Move forward another 10 years, when I lived in London, we all worked long hours, so weekends were precious.... we'd jump in the car and visit places. Bath being a great destination. It's only 97 miles from London and is full to the brim of all the things I adore: Georgian aritecture, beautiful countryside, fabulous restaurants, gorgeous hotels and cosy pubs.
The city was first established as a spa resort by the Romans in AD 43. They built baths and a temple on the surrounding hills of Bath in the valley of the River Avon around hot springs, which are the only ones naturally occurring in the UK.
Most buildings in Bath are made from the local, golden-coloured Bath Stone, and date from the 18th and 19th century. Many of the prominent architects of the day were employed in the development of the city. The original purpose of much of Bath's architecture is concealed by the honey-coloured classical façades and were mainly purpose-built lodging houses, where visitors could hire a room, a floor, or (according to their means) an entire house for the duration of their visit, and be waited on by the house's communal servants.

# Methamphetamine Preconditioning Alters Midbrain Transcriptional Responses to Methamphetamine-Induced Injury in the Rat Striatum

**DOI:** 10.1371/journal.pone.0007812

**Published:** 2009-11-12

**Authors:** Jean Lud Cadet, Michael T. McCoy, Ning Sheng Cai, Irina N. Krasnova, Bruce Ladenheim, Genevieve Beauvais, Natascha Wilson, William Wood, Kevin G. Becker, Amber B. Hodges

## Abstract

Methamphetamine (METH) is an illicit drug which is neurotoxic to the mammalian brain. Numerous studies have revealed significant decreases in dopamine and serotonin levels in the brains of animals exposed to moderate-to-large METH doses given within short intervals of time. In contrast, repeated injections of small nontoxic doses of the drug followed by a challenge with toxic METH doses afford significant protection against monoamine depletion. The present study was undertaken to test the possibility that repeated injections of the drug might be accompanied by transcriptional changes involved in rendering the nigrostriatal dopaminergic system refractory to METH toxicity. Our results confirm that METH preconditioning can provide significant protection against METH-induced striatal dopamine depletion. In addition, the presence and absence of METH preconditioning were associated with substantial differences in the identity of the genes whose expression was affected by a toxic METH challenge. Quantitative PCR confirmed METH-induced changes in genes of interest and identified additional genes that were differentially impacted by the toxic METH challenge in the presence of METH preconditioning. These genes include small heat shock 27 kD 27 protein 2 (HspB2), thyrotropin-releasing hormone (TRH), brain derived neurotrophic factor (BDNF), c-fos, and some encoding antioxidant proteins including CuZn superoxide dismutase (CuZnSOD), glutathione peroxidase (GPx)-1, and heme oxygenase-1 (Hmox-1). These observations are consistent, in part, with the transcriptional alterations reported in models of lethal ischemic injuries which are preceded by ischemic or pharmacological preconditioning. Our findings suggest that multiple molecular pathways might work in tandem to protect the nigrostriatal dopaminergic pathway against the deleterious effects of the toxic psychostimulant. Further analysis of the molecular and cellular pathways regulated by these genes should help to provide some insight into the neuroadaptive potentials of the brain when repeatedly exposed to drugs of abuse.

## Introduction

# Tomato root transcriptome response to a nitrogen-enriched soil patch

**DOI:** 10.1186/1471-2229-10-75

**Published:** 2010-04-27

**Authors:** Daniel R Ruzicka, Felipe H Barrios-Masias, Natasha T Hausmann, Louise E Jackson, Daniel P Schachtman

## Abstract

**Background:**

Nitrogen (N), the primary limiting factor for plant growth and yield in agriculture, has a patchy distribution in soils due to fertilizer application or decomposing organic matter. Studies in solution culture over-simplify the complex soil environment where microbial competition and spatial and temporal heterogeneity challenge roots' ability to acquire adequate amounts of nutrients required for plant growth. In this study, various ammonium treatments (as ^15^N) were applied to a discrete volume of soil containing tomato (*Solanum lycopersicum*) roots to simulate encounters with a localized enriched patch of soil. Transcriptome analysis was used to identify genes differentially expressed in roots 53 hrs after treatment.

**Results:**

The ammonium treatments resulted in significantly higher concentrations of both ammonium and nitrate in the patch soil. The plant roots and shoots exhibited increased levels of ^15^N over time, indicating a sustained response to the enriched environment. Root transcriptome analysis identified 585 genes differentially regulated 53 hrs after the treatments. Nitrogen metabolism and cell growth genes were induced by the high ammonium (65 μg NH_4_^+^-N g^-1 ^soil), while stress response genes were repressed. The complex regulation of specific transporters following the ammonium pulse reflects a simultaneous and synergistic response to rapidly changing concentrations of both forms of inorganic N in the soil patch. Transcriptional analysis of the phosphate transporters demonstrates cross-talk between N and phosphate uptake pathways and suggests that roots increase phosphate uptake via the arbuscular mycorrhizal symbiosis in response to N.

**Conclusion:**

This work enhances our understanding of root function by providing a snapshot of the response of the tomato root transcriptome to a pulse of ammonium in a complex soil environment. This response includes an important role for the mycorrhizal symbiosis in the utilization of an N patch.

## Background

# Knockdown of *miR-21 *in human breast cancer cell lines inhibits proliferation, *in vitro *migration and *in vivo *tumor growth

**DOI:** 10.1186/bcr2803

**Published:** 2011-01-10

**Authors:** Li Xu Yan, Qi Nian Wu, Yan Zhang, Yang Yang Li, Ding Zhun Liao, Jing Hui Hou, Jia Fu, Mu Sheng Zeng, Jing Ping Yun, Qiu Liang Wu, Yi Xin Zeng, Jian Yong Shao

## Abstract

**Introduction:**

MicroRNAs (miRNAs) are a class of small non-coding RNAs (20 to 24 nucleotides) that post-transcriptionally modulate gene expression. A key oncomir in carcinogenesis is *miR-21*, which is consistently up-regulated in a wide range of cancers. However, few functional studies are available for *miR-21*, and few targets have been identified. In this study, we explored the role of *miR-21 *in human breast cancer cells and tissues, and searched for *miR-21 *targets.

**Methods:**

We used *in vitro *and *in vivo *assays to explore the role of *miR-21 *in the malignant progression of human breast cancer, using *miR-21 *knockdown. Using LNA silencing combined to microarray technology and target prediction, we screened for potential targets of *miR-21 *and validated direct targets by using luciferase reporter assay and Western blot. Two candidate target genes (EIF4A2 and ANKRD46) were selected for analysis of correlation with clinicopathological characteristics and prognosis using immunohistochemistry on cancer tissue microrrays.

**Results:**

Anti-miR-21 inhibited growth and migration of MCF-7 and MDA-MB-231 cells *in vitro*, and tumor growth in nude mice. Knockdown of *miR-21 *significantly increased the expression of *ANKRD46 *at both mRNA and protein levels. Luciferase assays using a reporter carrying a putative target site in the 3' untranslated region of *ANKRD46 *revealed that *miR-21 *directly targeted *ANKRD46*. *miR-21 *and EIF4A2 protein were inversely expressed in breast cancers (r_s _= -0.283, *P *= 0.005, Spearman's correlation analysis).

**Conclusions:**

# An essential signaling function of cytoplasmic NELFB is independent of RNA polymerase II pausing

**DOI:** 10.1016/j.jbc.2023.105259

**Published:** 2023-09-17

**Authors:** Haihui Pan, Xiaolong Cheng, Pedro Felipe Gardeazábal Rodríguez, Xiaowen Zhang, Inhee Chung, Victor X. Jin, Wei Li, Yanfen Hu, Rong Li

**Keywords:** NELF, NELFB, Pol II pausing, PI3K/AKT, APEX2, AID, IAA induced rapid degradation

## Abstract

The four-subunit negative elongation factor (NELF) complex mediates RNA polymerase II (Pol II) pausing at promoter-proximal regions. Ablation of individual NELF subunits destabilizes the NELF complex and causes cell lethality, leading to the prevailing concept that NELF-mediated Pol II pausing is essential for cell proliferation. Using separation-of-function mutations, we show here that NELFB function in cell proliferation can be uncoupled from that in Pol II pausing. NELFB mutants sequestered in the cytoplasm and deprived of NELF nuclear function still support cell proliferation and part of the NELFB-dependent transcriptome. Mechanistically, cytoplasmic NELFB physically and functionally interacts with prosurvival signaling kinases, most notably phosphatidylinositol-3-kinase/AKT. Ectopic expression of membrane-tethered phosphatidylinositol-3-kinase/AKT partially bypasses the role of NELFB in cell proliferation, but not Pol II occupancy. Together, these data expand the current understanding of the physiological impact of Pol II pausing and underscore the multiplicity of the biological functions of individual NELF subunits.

"The Circus" consists of three long, curved terraces designed by the elder John Wood to form a circular space or theatre intended for civic functions and games. The games give a clue to the design, the inspiration behind which was the Colosseum in Rome.
The best known of Bath's terraces is the Royal Crescent, built between 1767 and 1774 and designed by the younger John Wood. But all is not what it seems; while Wood designed the great curved façade of what appears to be about 30 houses with Ionic columns on a rusticated ground floor, that was the extent of his input. Each purchaser bought a certain length of the façade, and then employed their own architect to build a house to their own specifications behind it; hence what appears to be two houses is sometimes one. This system of town planning is betrayed at the rear of the crescent: while the front is completely uniform and symmetrical, the rear is a mixture of differing roof heights, juxtapositions and fenestration. This "Queen Anne fronts and Mary-Anne backs" architecture occurs repeatedly in Bath.
Around 1770 the neoclassical architect Robert Adam designed Pulteney Bridge, using as the prototype for the three-arched bridge spanning the Avon an original, but unused, design by Palladio for the Rialto Bridge in Venice. Thus, Pulteney Bridge became not just a means of crossing the river, but also a shopping arcade.